Fifth Wheel magazine

Choosing the Truck

The truck is an important part of your fifth wheel purchase. It has to be large enough to tow the fifth wheel that you choose. Fifth wheels are available in different lengths and can have multiple slides (the portion of the fifth wheel that can extend outwards giving you more room inside). Length and number of slides add to the overall weight of the RV. Each size of truck has the total towing capacity that it can safely handle, plus the total weight that the rear axle can handle.

2014 Tow Guide
Ratings start on page 18
The weight of the fifth wheel is always located on a plate attached to the fifth wheel as well as in the information packet. One of the most important weights that you need is the Dry Hitch Weight or the pin weight. This is the weight that will be carried in the bed of the truck on the fifth wheel hitch receiver. Not all Fifth Wheels have this weight located on the plate attached to the fifth wheel. If this is the case then you can try and estimate the weight by finding a comparative Fifth Wheel (length wise) and check to see if there is a slideout toward the front of the unit and factor that in with the comparative unit. The only other way to get a pin weight is to have it weighed.

Every truck has the maximum towing capacity in the specs for the vehicle. Keep in mind that shortbed trucks are fitted differently to long beds as the turning radius over the bed for the fifth wheel is limited in a short bed. There are also certain lengths of shortbed trucks that cannot pull a fifth wheel due to the bed being to short. Once you have a pin weight you can find out if the rear axle will carry the weight. The next weight is the actual weight of the whole fifth wheel. This weight is really governed by the ability of the trucks engine and transmission to pull that weight safely. An underpowered truck is going to behave very badly on hills and on being able to get up to speed when merging onto interstates or passing other vehicles. This can make driving an underpowered truck and fifth wheel stressful especially in mountainous areas. If you have or are going to purchase a diesel truck you can visit Banks Power who offers upgrades that greatly improve the performance of the fitted truck.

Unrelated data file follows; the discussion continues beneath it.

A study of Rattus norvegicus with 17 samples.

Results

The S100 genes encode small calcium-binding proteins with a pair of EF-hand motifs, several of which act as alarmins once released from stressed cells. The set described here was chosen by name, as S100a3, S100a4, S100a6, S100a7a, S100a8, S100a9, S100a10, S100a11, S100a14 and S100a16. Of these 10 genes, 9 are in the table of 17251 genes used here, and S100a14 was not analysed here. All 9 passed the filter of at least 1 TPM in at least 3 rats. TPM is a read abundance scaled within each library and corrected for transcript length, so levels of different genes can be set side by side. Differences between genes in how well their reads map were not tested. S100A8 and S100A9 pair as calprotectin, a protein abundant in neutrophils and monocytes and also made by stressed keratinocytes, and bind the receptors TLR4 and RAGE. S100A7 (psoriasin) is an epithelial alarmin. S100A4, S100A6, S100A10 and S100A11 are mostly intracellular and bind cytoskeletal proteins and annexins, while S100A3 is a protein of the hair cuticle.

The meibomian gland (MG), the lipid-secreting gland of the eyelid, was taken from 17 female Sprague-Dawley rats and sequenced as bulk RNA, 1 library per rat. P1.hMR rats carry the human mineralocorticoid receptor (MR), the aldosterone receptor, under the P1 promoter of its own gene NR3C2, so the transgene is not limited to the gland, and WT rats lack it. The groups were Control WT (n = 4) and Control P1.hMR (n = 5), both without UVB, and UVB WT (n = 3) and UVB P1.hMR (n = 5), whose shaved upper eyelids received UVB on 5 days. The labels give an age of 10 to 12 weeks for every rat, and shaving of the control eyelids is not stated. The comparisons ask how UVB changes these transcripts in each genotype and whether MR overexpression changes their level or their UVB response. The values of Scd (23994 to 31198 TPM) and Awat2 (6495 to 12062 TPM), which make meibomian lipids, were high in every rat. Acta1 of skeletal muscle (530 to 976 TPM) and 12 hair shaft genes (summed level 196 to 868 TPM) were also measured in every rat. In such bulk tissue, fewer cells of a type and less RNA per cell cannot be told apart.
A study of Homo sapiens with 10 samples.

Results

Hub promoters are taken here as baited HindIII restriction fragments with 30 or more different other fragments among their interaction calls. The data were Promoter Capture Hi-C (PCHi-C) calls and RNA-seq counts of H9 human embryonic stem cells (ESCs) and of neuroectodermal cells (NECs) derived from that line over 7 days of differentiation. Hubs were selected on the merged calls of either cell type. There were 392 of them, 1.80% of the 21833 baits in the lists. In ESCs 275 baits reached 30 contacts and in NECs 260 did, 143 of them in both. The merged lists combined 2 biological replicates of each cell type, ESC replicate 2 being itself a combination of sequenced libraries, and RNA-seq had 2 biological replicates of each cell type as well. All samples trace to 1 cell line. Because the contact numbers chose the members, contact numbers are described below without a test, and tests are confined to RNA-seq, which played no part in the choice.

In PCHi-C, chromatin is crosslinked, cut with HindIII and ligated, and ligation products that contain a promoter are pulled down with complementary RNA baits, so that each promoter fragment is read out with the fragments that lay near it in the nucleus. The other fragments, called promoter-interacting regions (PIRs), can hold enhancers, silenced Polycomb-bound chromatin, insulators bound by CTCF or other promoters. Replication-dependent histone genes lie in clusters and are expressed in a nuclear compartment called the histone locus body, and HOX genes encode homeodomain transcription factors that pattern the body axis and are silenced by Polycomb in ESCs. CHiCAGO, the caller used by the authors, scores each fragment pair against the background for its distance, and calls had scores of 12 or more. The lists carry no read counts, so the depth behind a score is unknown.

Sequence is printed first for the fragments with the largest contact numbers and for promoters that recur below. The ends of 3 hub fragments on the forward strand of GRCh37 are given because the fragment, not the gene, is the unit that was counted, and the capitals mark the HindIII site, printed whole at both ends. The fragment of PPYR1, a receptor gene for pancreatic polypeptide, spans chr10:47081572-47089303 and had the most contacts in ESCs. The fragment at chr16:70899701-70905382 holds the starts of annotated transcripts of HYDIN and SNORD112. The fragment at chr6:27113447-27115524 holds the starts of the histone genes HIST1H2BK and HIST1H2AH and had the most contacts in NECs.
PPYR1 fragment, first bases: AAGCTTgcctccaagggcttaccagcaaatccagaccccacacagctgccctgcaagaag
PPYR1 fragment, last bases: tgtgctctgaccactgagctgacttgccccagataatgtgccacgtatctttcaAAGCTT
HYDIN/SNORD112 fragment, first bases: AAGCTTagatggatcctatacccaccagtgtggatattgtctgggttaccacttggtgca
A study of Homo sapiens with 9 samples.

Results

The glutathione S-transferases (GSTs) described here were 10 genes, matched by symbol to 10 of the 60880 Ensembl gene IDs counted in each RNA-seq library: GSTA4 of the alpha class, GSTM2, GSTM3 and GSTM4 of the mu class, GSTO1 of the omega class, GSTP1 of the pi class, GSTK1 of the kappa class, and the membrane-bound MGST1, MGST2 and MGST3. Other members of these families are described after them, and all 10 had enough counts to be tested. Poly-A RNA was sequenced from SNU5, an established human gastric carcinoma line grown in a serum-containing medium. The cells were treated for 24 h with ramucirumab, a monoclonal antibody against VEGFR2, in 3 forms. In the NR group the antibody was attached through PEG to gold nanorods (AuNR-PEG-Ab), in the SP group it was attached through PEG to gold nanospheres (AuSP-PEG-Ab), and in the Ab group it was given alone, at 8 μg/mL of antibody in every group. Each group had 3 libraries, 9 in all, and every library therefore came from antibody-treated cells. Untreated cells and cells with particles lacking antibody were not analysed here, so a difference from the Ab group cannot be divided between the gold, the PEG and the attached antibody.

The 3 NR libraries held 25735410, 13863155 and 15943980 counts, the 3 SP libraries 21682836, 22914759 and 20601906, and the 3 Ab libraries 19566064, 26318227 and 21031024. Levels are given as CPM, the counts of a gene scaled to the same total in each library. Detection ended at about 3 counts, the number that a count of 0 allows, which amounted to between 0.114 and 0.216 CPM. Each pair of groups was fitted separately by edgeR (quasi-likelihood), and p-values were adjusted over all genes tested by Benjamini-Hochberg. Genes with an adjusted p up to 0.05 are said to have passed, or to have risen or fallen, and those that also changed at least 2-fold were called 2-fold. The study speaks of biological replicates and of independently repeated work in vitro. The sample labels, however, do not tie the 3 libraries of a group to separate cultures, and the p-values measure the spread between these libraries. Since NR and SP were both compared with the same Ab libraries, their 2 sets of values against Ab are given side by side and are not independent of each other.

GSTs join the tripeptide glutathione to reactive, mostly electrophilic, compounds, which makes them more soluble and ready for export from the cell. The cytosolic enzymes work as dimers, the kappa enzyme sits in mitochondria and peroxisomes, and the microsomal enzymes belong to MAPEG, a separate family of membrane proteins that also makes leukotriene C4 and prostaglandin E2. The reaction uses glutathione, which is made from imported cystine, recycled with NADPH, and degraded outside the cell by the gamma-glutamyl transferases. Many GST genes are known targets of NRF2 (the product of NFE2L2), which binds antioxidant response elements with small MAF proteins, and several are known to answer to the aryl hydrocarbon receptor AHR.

Unless you already own a truck it is better to choose the fifth wheel and then the truck to pull it. Since you will be living in the fifth wheel, you need to ensure that it meets your needs space wise. One of the benefits of a fifth wheel over a travel trailer (a trailer pulled by the ball on the bumper of the vehicle) is that the fifth wheel is located over the rear axle of the truck, which makes for a much more stable towing experience. There is almost no sway when towing a fifth wheel and no need for any type of sway controls. Because the hitch is located over the axle, the vehicle has the ability to tow a much larger trailer, which means more space in the fifth wheel, more storage and more capacity for multiple slides.

Below is a link to a tow guide that lists 2014 trucks and their fifth wheel and conventional trailer towing capacities.

2014 Tow Guide - The tow ratings start on page 18.

The video below shows the SuperGlide shortbed solution, which eliminates the need to reposition the hitch for sharp turns.